Mercedes Benz Unveils their Vision for Van of the Future

Aug 15 10:15 2017 Lisa Jeeves Print This Article

As Mercedes Benz has unveiled their van of the future, we discuss the top tech for the future of last-mile delivery and ask – is the future here?

According to a 2016 report,Guest Posting the last-mile delivery fleets currently enabling our nation’s obsession with online shopping will eventually be replaced by autonomous ground vehicles (AGVs), lockers and drone distribution. However, as van manufacturers are aware, these technologies won’t magically appear in the immediate future.

New ideas to increase efficiency without increasing the number of vans on already crowded roads, especially in urban areas, are essential to keeping the industry moving forwards. Mercedes Benz’s van of the future, the Vision Van, is a demonstration of what last-mile delivery could look like in the near future.

The Vision Van

This van of the future has plenty of futuristic features. Looking like a cross between a van and a spaceship, the vehicle has roof-mounted drones, electric drive, joystick control and a fully automated cargo space which is loaded in the depot as a single piece. The whole is looked after by an on-board robot. Some of these features, such as joystick control, are a long way from being used on roads. Others, such as drones, are already in trials.

The Tech to Watch

• Drones: Mercedes’s drone partner, Matternet, has been allowed to use them to fly lab samples autonomously between two hospitals in Lugano and is trialling drone use with the Swiss Post.
• Route-Planning Software: This is an area Mercedes believes is underdeveloped. A system able to plan a route with multiple stops must link the routing software to a warehouse system.
• Automated Loading System: Inserting shelves into the van pre-loaded could reduce depot downtime time from an hour and a half to just five minutes.
• Robotised Cargo Space: The driver wouldn’t need to go into the cargo space; instead the correct package would be placed in a hatch at each destination ready for the driver to make a manual delivery.

Is the Future Already Here?

Mercedes is trialling much of its new technology as we speak and there are logistics companies already using cutting-edge technology. The delivery company UPS uses alternative fuels for its fleets. At the 2017 Advanced Clean Transportation Expo held in California it showcased a world first, a hydrogen-electric delivery truck. It might sound futuristic, but a fleet of these vehicles with fuel-cells, lithium-ion battery packs and hydrogen tanks is to be deployed next year.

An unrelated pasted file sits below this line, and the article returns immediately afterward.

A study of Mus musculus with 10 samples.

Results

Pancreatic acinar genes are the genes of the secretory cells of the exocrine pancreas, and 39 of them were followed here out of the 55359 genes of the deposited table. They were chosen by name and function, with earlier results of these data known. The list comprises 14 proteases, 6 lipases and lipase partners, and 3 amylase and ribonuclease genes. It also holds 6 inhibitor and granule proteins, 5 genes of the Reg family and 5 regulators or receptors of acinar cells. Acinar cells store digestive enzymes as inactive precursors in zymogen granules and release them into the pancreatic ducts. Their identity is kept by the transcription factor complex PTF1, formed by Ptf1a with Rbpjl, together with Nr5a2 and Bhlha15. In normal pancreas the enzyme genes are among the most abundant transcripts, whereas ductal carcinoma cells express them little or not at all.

Driverless Delivery

For those in the shipment industry there will be mixed feelings about the possibilities of driverless technology. Though it could increase profit and efficiency it could lead to job losses. However, Mercedes says they are not currently developing driverless delivery vans but are thinking creatively of ways in which this technology could be used in a van of the future. For example, vans could move autonomously from the depot to the delivery district to be joined there by the driver, or could move around the depot from a charging station to the loading bay alone.

It seems as though the van of the future is not as far away as we might have thought. Of course, no matter how sleek or shiny these new gadgets are, in a commercial industry they must make money. Only time will tell whether drones and robots will truly change the face of last-mile delivery.



Lisa Jeeves
Lisa Jeeves

Norman Dulwich is a correspondent for Courier Exchange, the world's largest neutral trading hub for same day courier jobs in the express freight exchange industry. Connecting professionals across the UK and Europe through their website, Courier Exchange provides a valuable service, updating members with the latest information on issues affecting road safety, fuel costs, technology, visions for the van of the future and other news from the industry. Over 4,500 transport exchange businesses are networked together through their website, trading jobs and capacity in a safe 'wholesale' environment.